The Wat Arun Temple was a fun night of photography. The vantage point for this photograph was extensively researched on the internet in advance. I’m sitting on the second floor of a bar having drinks using a special low profile tripod (Platypod) which fit perfectly on the wooden railing along the perimeter of the bar. I never made the journey across the river to actually visit the temple. Continue reading
The Patara Elephant Sanctuary allows you to get up close and friendly with elephants of all sizes. The sanctuary’s advertisement says you can be an elephant owner for a day. With the elephants walking around freely, our first task was to scrub the mud from their tough skin, then walk them to a large pond and give them a bath.
Wanting to see more of Thailand than the typical iconic Buddhist temples crowded with tourists, I made a special request of our guide, Lucky 8. This day was to be spent out in the Thai countryside where there would be neither tourists nor admission tickets. It was by coincidence that we happened upon a Buddhist funeral in Lucky’s home village. Yes, this entire blog will be about attending a Buddhist funeral in rural Thailand.
When traveling in Europe I try to blend in as much as possible. Clearly this was not going to be possible in Thailand. Arriving Sunday afternoon hungry and tired, we thought it best to jump into the Thai culture by eating street food for dinner at a nearby weekend night market. Ordering our food through gesturing and fumbling with the Thai baht currency, we had fresh spicy food on a stick served by friendly people all willing to help out. Our Thai experience only got better and better.
Singapore is sometimes referred to as Asia Light or Asia 101. Everyone speaks English, you are statistically safer here than anywhere in the world, the food is wonderful, cabs are cheap and plentiful, trains are always on time and the airport is rated the best in the universe. Above all, if you are over the age of 50 you cannot be sentenced to a caning as punishment. Continue reading
Darwin is the most northerly city in Australia. In April it is just too hot and humid for words. April is the wet season and is characterized by high humidity, monsoonal rains and storms. I learned of this just now while writing this blog, not as we planned our trip. Darwin can receive 17 inches of rain in January and zero in June. This is a land of extremes. Continue reading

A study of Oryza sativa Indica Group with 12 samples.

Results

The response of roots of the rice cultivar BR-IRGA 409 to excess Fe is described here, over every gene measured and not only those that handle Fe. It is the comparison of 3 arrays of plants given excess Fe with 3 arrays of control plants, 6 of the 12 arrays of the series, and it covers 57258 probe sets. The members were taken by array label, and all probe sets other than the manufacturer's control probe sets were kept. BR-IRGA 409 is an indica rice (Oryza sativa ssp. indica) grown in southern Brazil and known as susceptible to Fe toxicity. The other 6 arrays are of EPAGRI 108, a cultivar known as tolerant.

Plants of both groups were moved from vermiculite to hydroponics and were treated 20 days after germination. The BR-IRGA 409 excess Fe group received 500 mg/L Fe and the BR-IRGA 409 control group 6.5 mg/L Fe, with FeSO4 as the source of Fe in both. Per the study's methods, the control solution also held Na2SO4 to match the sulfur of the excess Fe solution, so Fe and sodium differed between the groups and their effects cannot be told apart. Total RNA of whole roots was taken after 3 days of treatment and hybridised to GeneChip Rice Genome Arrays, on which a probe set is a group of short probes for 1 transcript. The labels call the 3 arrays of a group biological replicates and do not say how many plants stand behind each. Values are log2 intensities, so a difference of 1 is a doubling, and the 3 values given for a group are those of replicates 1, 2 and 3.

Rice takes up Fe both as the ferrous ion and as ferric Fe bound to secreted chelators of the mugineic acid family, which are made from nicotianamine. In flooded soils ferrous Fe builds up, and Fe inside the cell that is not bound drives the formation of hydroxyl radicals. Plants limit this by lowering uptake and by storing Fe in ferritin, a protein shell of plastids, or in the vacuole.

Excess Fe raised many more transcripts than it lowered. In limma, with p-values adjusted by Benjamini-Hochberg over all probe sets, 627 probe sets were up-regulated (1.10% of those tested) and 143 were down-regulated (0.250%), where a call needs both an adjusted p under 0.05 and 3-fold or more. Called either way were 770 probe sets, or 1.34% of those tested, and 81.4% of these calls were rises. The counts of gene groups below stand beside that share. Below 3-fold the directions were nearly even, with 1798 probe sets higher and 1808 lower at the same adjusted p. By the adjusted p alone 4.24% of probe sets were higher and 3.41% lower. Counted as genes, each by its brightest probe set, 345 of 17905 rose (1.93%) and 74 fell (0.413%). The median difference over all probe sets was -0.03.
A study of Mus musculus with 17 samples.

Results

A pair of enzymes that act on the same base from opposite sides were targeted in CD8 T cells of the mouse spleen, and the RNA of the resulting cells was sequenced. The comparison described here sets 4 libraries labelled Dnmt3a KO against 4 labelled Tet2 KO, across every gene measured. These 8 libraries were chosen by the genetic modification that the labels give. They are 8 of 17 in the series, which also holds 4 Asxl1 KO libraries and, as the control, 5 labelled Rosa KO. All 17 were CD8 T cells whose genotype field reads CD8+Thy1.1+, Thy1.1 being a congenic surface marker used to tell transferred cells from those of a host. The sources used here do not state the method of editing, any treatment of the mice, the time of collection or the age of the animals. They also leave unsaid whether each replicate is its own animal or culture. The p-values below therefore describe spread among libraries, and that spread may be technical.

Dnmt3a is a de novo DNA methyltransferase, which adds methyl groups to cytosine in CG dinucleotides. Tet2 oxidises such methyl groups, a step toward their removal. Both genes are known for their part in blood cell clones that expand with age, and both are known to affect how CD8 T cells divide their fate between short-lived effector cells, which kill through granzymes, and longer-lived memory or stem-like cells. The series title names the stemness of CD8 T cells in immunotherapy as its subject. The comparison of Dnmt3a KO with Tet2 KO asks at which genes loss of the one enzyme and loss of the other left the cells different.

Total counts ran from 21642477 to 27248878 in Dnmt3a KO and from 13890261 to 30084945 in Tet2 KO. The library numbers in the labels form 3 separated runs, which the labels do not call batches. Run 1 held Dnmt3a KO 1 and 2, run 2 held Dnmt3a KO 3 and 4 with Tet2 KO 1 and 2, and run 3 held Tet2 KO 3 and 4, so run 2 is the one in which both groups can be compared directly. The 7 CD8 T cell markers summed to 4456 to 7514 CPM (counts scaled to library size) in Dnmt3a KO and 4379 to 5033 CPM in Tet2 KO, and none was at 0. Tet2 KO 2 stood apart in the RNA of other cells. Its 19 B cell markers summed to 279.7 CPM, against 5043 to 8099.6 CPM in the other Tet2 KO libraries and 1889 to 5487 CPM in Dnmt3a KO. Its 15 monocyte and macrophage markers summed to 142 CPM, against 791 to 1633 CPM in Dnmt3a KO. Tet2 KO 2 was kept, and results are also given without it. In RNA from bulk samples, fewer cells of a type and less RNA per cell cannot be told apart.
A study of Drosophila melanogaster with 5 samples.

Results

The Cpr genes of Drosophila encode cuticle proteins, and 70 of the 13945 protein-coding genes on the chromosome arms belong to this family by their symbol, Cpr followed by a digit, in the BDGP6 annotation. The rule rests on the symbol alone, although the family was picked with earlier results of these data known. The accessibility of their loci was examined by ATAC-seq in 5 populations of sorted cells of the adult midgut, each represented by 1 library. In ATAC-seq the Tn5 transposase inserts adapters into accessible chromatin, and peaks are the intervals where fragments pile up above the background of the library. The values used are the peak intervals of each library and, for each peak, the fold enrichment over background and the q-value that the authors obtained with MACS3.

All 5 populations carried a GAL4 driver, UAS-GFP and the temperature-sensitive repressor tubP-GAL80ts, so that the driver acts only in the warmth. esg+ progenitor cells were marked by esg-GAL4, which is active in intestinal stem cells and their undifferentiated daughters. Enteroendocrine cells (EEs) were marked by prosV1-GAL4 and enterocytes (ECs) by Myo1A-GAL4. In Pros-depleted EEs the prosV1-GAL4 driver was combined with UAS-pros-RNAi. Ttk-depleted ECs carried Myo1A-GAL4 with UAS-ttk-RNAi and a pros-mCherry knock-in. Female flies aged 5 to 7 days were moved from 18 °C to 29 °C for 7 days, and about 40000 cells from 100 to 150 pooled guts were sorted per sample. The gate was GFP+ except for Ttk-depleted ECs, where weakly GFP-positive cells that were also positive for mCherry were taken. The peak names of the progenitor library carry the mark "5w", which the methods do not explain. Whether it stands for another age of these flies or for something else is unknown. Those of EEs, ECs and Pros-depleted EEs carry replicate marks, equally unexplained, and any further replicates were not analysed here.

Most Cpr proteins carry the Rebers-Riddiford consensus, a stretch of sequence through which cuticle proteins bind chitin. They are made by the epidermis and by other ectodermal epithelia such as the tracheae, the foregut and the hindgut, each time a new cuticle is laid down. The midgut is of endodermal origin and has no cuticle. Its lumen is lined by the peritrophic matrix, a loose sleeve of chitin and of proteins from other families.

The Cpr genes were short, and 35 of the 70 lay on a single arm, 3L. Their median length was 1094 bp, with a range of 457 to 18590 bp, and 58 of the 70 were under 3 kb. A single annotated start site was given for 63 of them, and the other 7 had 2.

We are finally headed to Uluru. But first we need to make a brief stop in the much less famous Glen Helen. Why? Because some Internet guidebook told me we should drive there immediately after landing in Alice Springs. I took their advice. Glen Helen may be a more fun spot in less severe heat. Also for those who love to hike. However, the one night we spent there was plenty… Continue reading
Travel plans were once again befuddled by the South Pacific cyclones. This time it was Marcus, which turned out to be the strongest, most destructive cyclone to strike Australia in over ten years. Huge trees were toppled in Darwin, north of us. We only suffered from severe rain. Fifteen inches of it, in a single day. That was enough to cancel all tours to the Great Barrier Reef. Continue reading
While staying in the City of Gold Coast near Brisbane (pronounced Briz’-bun) we went on our first Australian outback safari. But first we need to explore the City of Gold Coast itself. Continue reading
Several cities around the world are defined by a single building or structure. Paris and the Eiffel Tower, San Francisco and the Golden Gate Bridge and Sydney and its Opera House. Because of this strong association, the convenient location of our hotel and the terrible summer heat wave, I did little else in Sydney other than make short excursions exploring various views of the Sydney Opera House.